Here is Kevin Kelly’s article on Amish hackers:
The Amish have the undeserved reputation of being luddites, of people who refuse to employ new technology. It’s well known the strictest of them don’t use electricity, or automobiles, but rather farm with manual tools and ride in a horse and buggy. In any debate about the merits of embracing new technology, the Amish stand out as offering an honorable alternative of refusal. Yet Amish lives are anything but anti-technological. In fact on my several visits with them, I have found them to be ingenious hackers and tinkers, the ultimate makers and do-it-yourselfers and surprisingly pro technology.
Here is Jameson Wetmore’s article on Amish technology:
The Amish believe that their society and their technology are inextricably intertwined. In an effort to maintain and protect their community of believers, therefore, the Amish require that every technology they use not only conforms to, but reinforces their tradition, culture, and religion. They achieve these goals through two primary techniques. First they choose technologies that they believe will best promote the values they hold most dear – values like humility, equality, and simplicity. Thus they have rejected the speed, glamour and personal expression of automobiles in favor of modest, slow, and community-building horse-drawn buggies. Second, they deliberately choose tools that are different from those used by the outside world. This differentiation helps them maintain their unique identity, bonds their community, and ensures that they will continue to be able to accept technology on their own terms.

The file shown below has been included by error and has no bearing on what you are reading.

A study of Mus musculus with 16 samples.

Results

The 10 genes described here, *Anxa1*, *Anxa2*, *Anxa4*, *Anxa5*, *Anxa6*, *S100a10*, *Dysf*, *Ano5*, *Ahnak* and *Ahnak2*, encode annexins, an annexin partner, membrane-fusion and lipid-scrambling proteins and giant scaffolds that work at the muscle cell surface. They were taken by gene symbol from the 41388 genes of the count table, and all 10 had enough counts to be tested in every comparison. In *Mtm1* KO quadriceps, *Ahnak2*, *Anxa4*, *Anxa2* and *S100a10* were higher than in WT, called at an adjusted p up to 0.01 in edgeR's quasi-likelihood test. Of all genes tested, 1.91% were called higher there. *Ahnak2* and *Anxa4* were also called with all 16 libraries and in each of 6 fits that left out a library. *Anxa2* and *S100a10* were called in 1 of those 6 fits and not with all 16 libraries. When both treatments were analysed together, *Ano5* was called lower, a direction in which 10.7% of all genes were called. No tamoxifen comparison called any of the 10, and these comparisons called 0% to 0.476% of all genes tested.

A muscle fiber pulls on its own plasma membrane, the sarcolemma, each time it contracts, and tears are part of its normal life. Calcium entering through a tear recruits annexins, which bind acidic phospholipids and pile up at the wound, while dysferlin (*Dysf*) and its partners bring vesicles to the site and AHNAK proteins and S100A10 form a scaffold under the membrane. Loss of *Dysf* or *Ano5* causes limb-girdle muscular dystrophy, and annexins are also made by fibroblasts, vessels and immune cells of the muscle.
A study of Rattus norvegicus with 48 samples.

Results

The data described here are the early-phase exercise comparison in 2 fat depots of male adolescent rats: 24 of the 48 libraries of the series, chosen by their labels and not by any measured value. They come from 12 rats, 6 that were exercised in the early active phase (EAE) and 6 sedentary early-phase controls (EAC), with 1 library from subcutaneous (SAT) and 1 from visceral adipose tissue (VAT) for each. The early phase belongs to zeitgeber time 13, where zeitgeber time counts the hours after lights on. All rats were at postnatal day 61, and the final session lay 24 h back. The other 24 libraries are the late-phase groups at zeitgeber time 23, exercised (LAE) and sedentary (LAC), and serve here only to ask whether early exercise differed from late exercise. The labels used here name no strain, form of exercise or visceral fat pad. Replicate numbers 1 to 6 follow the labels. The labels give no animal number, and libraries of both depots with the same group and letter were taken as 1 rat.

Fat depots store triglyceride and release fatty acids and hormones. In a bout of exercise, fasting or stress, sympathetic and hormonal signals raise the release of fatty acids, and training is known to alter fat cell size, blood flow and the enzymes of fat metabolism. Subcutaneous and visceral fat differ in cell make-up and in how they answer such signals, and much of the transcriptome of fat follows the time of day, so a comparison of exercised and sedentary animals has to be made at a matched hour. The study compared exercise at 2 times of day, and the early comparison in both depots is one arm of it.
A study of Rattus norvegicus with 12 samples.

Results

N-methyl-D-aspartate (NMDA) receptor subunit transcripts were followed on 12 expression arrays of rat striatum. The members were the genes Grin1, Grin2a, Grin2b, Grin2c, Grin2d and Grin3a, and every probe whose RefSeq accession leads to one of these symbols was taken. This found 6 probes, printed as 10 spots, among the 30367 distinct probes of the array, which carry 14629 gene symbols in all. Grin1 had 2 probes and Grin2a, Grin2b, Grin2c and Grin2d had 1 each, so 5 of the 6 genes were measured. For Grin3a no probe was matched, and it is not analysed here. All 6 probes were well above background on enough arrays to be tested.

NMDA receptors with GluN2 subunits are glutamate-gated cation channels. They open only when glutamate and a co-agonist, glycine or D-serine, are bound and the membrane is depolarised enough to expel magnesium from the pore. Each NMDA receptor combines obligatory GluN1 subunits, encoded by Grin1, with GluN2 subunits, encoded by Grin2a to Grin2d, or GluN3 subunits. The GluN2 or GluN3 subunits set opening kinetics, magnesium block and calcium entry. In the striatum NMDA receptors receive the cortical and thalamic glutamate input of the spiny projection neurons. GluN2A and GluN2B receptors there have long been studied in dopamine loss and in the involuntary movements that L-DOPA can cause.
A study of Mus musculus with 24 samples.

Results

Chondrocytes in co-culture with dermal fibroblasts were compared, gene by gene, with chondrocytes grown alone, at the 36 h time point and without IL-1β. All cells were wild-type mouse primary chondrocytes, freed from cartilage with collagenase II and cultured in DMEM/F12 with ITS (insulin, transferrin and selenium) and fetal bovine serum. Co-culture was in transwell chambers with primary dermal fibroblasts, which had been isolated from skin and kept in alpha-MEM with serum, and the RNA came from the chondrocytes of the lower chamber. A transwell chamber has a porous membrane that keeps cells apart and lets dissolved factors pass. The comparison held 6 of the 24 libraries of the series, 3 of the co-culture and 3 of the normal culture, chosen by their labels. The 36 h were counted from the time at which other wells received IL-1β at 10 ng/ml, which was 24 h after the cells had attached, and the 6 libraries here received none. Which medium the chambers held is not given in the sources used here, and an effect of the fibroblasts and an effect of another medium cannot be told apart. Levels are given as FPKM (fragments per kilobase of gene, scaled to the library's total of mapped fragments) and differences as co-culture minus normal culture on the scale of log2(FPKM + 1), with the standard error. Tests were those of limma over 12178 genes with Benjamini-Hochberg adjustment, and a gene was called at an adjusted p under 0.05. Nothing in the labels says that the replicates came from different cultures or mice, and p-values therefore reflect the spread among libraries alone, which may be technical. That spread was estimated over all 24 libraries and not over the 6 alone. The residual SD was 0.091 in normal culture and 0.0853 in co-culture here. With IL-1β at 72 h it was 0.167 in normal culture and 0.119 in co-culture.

Here is Jamie Sharp’s article on Amish technology practice:
The Amish have a unique and interesting way of dealing with the effect that technology has on their society. Unlike modern America, where people are now expected to conform to the technology that is placed before them, the Amish have devised a way of selecting which technologies are “good” and which ones are better off left alone. The Amish view technology as something that comes second to religion and cultural identity. If the introduction of a new technology weakens either of these two key components, they reject it. Martin Heidegger saw the world as conforming to a technological template, where humans are taught to think and act like machines. Jacques Ellul saw a world where, instead of using machines to meet our ends, we are used to meet the ends of the machine; we become second to the technology. The Amish have avoided these grim realities by placing Gelassenheit and the will of God above all else. They are masters of selective technology practice.